Question past perfect or past simple

    I was taught that past perfect should not be overused and if it is clear which action happened before which (especially with words such as "before", "after") it should be avoided, and on a test would be considered a mistake.

    I am preparing to an exam and while doing tests from previous years I encountered an example I have a problem with.
    The exercise is error correction, so if there is anything wrong with the sentence it should be corrected. There are no answers provided. Here is the sentence:

    He was born in London in 1934, where he died 63 years later.

    My friends corrected it to "He had been born in London in 1934, where he died 63 years later."

    I was not so sure about that, because of that rule we were taught about not overusing past perfect. To me it seems perfectly clear which event happened first, and (but I might be wrong about it) the sentence seems like taken from an encyclopedic entry, which are usually written chronologically, using simple language - more the reason to avoid past perfect.

    I should also mention that changing a correct sentence, even if the outcome is another grammatically sound sentence, is considered a mistake on this test so a point is lost.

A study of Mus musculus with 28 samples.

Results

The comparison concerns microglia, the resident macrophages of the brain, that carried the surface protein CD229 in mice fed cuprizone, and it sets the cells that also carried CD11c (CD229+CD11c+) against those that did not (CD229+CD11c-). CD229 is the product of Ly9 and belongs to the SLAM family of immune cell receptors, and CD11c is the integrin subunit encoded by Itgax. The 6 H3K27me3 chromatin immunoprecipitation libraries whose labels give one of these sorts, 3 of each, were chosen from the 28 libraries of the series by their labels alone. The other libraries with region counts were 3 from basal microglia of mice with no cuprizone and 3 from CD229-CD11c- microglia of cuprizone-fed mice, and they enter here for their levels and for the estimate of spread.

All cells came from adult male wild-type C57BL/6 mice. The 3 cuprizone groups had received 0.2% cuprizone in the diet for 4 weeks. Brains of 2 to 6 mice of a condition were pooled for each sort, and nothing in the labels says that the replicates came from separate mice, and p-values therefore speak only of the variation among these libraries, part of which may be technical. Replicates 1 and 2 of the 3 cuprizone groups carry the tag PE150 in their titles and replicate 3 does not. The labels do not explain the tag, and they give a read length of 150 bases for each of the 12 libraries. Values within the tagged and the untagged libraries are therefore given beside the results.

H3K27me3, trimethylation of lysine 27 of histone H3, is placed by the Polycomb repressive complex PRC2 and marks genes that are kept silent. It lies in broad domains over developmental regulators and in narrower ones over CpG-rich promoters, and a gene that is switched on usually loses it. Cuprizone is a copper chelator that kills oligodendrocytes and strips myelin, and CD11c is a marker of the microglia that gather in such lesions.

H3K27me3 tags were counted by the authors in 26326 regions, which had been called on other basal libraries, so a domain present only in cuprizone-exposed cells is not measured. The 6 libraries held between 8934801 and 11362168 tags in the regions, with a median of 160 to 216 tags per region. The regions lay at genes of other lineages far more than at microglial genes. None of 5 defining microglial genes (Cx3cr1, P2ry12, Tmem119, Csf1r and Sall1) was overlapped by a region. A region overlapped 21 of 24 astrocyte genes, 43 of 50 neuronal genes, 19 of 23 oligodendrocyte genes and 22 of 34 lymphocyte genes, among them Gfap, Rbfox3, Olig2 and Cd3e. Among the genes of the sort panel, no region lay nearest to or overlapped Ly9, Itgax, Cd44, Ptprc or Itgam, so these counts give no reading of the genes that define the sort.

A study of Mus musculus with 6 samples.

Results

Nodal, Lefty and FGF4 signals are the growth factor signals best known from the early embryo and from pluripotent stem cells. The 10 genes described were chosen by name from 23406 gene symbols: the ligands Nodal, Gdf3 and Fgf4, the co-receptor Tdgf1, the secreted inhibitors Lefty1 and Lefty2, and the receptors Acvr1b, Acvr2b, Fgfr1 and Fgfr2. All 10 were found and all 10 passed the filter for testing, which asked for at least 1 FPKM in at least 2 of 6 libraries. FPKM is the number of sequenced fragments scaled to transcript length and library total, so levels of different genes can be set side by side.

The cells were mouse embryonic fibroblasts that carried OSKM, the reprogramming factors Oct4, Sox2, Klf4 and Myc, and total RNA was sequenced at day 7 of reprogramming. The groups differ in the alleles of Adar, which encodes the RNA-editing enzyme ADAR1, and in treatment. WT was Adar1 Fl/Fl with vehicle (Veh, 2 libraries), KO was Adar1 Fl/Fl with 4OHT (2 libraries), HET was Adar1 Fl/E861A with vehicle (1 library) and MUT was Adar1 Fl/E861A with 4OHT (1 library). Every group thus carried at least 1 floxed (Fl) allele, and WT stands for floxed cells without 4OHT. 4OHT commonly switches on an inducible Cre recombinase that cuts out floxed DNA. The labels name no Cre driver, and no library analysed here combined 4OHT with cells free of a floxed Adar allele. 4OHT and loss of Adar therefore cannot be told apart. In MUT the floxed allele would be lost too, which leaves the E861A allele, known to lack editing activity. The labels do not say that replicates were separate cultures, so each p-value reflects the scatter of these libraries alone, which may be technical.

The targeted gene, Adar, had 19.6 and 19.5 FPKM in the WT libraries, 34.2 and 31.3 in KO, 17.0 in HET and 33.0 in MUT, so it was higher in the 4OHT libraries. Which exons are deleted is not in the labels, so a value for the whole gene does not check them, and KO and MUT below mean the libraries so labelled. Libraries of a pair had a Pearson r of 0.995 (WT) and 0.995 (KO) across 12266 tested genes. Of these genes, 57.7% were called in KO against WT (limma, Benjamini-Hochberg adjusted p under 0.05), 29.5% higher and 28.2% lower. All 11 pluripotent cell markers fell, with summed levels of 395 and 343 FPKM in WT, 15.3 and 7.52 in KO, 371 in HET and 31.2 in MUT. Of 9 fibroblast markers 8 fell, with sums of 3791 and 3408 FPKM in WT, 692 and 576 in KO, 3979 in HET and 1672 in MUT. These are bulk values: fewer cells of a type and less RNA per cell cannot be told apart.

I would be grateful for some help on this one.

  1. Piscean's Avatar

    Re: past perfect or past simple

    Quote Originally Posted by aggiesteph View Post
    I was taught that past perfect should not be overused and if it is clear which action happened before which (especially with words such as "before", "after") it should be avoided, and on a test would be considered a mistake.
    I would call that advice rather than a rule. I would certainly not consider it a mistake..
    He was born in London in 1934, where he died 63 years later.
    That sentence is correct.

  2. MikeNewYork's Avatar

    Re: past perfect or past simple

    I agree with Piscean about "no rule" but I do follow that practice. If the sequence of past events is indicated by adverbs, the past perfect is optional.